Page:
May 2, 2017
Originally published on May 2, 2017 4:18 pm


ELEANOR BEARDSLEY, BYLINE: Le Pen has been drawing huge crowds. Her supporters hang on every word, chanting and booing as if on cue. Le Pen says she's fighting for the people against Macron's cold world of profits and finance.

MARINE LE PEN: (Speaking French).

UNIDENTIFIED LE PEN SUPPORTERS: (Booing).

BEARDSLEY: "He is about globalization and the oligarchy. He's a pure immigrationist, selfish individualist and European unionist. He's exactly the opposite of what we stand for."

JEAN MARC ILLOUZ: I do think that Marine Le Pen can win because she's such a great speaker, because she is so able to use passion.

BEARDSLEY: That's Jean Marc Illouz, a former political correspondent with France 2 Television. He says the election is Macron's to lose. And when it comes to political rhetoric, the political newcomer doesn't hold a candle to the biting, experienced Le Pen.

ILLOUZ: He is dwarfed by her demagogical approach to solving problems with a magic wand. People are mad at unemployment. People are afraid of terrorism. And Marine Le Pen says look, Marine Le Pen will do it all. I'm Superwoman.


BEARDSLEY: Macron supporters admit their candidate had a slow start in the second round but say he's now hitting his stride. Addressing a huge rally on May 1, Macron called Marine Le Pen the anti-France.

EMMANUEL MACRON: (Through interpreter) Both our enemies and Madame Le Pen want the same thing. They want to see this country divided, and they want civil war. And they are feeding off each other. I will never let this country be divided over race or religion.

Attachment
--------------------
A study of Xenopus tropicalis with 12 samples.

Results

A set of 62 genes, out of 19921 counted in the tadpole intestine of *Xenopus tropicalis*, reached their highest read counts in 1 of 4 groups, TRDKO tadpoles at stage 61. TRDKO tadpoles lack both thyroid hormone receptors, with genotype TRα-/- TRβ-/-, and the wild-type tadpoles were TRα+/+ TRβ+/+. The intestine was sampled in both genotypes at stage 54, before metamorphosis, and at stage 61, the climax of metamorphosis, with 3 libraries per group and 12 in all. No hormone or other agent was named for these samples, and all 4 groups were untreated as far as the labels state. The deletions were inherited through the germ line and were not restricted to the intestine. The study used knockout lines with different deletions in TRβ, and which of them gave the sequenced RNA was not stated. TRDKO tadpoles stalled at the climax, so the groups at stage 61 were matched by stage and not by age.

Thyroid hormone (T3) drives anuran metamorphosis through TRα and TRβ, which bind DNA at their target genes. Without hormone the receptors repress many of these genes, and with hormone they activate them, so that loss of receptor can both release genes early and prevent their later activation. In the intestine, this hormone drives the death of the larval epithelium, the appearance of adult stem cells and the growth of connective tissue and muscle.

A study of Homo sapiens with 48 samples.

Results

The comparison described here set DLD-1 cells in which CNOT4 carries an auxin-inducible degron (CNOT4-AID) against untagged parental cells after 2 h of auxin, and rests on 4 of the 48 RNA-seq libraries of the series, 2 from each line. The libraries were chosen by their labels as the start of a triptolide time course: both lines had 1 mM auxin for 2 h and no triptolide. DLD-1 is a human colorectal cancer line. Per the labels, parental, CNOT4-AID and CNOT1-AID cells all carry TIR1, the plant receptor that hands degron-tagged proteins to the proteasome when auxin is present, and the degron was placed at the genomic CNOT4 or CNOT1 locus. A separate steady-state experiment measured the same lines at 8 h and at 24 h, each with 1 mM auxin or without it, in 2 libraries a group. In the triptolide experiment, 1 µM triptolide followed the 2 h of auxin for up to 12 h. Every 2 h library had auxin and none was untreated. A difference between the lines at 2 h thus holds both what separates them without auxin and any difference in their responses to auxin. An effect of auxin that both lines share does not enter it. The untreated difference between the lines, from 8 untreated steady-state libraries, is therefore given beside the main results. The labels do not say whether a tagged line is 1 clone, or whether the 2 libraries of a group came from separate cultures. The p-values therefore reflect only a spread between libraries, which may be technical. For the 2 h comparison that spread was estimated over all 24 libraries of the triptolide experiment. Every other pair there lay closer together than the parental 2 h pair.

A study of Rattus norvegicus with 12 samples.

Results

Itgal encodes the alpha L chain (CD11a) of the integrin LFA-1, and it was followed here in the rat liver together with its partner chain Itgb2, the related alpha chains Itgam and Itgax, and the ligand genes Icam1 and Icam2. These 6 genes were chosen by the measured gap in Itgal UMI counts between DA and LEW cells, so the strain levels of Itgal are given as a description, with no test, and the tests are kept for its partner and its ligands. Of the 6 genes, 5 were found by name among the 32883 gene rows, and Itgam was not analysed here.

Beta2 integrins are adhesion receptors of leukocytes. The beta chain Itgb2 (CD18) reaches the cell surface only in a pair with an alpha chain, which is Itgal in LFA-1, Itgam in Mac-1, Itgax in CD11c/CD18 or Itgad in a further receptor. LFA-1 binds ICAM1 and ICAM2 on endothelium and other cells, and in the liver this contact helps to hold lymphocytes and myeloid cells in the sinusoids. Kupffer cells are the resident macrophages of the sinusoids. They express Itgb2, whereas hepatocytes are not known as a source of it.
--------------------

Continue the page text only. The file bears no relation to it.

BEARDSLEY: In 2002, when Le Pen's father made the runoff, every other political party came together to block the far-right. Jean-Marie Le Pen was soundly defeated. But this time, there are cracks in the anti-National Front unity. As many as a third of far-left voters say they don't like Le Pen but can't bring themselves to vote for Macron either. Even so, says political commentator Thierry Arnaud, a Le Pen victory is still a very unlikely scenario.

THIERRY ARNAUD: But it is not an impossible one. For that to happen, you would have to have a very low turnout, a massive abstention by French standards. And let me remind you that about 80 percent of the French electorate usually goes to the polls for a presidential election.

BEARDSLEY: But this presidential vote falls in the middle of a three-day holiday weekend. While fervent far-right voters are sure to go to the polls, Macron supporters are worried turnout for their side might be lower. Meanwhile, Le Pen is trying to appeal to more mainstream voters by backing off of some of her more extreme positions and toning down her anti-EU talk. Two polls out today show the gap between Macron and Le Pen closing slightly. Political science professor Pascal Perrineau says she could win, but all of her stars have to align.

PASCAL PERRINEAU: (Through interpreter) She would need a terrorist attack, a huge abstention rate from the left that refuses to vote for a banker, and on top of that, a massive protest vote, people who say, enough, we're voting anti-system come what may.


BEARDSLEY: Today in a radio interview, Macron said he planned to win the election by talking to people's intelligence not playing on their fears. He has four days to do so.

Eleanor Beardsley, NPR News, Paris.

(SOUNDBITE OF BEIRUT SONG, "AS NEEDED") Transcript provided by NPR, Copyright NPR.